This page of holiday myths is for everyone who finds Halloween, Thanksgiving, Black Friday, Christmas, New Year’s Eve, and New Year’s Day an unhappy experience. I listed this series of false beliefs about the holidays because false beliefs tend to act as self-judgment. They often end up as an abusive stick to criticize yourself with as you try to live through a difficult time.
Most of my life’s work has been spent with people who experienced abuse, trauma, grief and tragedy. I worry that someone with unhappy, abusive, and traumatic histories might feel isolated and alone during the holidays.
It is my hope that you challenge these beliefs or at the very least remind yourself that they are false. In the Holiday Art Coaching Group we will be talking about tools to use for this.
This is a myth that you can walk into a space that reminds you of unhappy memories and just block it out. Not only is that not good for you, it hurts more.
I remember the first year of holidays after my late husband died. As I lived the year’s cycle of holidays, I was hit with such grief.
Instead of blocking the memories and feelings, think about them. Think about what you need. Then find a way to give it to yourself.
I’m not sure this is true for anyone anywhere. It’s harder for people whose life experience tells them that holidays can be tragic, painful, and scary.
I’m probably repeating myself over and over, but no one nowhere eliminate unhappy feelings.
Accepting your feelings and comforting yourself is key.
I’m sure I’m not alone in wishing this was actually true. But you cannot. This is especially painful during holidays. Instead, if you can remind yourself you are normal, this will be a tiny bit easier.
Instead, if you can remind yourself you are normal, this will be a tiny bit easier.
The cruelty of this belief is that people really try to get into the swing of things no matter what has happened to them. And because it’s impossible to do without some deliberately acquired skills and actions, they fail. Then their inner critique makes lots of noise. In coaching we call this self-criticism, gremlins. This myth gives your inner gremlins lots of permission.
This probably is self-evident. No one always loves everything. The oppressiveness of this belief is that it can leave you feeling out of step.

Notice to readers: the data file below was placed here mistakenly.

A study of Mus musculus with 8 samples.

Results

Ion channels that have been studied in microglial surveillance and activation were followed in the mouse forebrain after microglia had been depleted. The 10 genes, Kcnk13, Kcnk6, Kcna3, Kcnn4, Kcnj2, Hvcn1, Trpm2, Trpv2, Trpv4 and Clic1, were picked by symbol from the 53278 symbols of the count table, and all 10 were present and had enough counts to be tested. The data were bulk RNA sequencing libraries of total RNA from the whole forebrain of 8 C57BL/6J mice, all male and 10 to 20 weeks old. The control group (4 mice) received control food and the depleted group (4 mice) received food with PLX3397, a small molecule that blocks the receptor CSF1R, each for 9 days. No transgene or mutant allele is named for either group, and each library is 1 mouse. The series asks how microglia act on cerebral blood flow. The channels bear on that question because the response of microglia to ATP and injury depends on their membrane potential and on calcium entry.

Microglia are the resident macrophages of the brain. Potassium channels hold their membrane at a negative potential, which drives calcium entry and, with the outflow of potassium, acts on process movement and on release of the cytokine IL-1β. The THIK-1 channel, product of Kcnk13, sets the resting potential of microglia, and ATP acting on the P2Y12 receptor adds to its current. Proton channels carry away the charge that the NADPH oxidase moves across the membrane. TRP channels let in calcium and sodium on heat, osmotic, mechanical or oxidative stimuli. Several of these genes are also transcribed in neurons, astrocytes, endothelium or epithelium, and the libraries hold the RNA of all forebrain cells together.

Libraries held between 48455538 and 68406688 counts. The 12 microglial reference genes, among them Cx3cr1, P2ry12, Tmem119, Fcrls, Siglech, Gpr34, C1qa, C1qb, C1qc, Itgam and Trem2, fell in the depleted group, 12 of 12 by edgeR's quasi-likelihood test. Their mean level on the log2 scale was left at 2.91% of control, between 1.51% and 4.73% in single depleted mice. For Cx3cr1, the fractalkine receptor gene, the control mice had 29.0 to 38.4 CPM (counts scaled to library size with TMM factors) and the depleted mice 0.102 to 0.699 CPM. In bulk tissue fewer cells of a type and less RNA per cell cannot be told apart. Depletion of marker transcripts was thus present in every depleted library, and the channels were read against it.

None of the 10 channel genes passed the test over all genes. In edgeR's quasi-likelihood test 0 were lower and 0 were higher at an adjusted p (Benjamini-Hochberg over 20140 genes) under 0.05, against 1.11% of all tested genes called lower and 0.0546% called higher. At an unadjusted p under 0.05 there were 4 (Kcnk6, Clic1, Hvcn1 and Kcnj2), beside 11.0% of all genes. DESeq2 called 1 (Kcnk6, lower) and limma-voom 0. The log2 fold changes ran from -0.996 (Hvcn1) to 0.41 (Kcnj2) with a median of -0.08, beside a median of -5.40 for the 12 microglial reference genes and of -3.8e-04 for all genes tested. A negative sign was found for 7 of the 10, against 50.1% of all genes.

Even worse, you might falsely believe that if you cannot love the holidays, you deserve to be unhappy. In this way, people deny themselves the comfort they need.
I remember the Easter I was chased and attacked by a gang of roudy boys. They hit me with bricks and threw me down in the mud. I think, at ten years old, I was most offended by the fact they ruined my beautiful lavender organza dress.
I find Easter uncomfortable. The candy is problematic for me. I get to comfort myself and make regular plans for how I will cope with this holiday.
Your get to do the same for yourself.
If you have a chronic illness and research does show that early childhood trauma increases lifetime illness, then you might hope this belief is true.
Chronic illness has it’s own special considerations. Self-care, pacing, and realistic expectations are all part of living day-to-day with chronic illness. Unfortunately, not everyone in your life will have reasonable expectations of you. This requires much self-honesty and assertiveness. And that is difficult.
Your solutions begin with gaining your own realistic expectations of yourself during the holidays.
Again, if you live with chronic illness or have multiple demands upon you, this myth can be brutal. I live with chronic illness and find it difficult to do everything my mind can think of. Sometimes I visualize a fancy holiday party with foods, decorations, and such. Or making a creative costume for myself and my husband. Instead, I have to stay within my energy envelope. I only have so many energy marbles in my jar before I ‘lose my marbles’ to my chronic medical conditions.
When I wrote this one, I thought, “Well, that’s rediculous!” Then I remembered how many times I tried to please everyone in my life. It’s quite difficult to challenge this one, because the people who want you to please them will argue about it. It might help to realize that the only person who can change this burden on you is you.
I’m not certain I can write anything wise about this. I do remember years I’ve thought, “it’s okay, it’s the holidays” while I ruined whatever healthy eating plan I was following.
Your feedback is important! If you have holiday quotes that are meaningful to you, please add them to the “Leave a Reply” box at the bottom of the page.
If you wish to say more, e-mail me at email@example.com or by using the contact me box below.
If you like my writing and are interested in applying some of these ideas, subscribe to my newsletter.
email: firstname.lastname@example.org Telephone: (615) 464-3791
Credentials Verified by Psychology Today.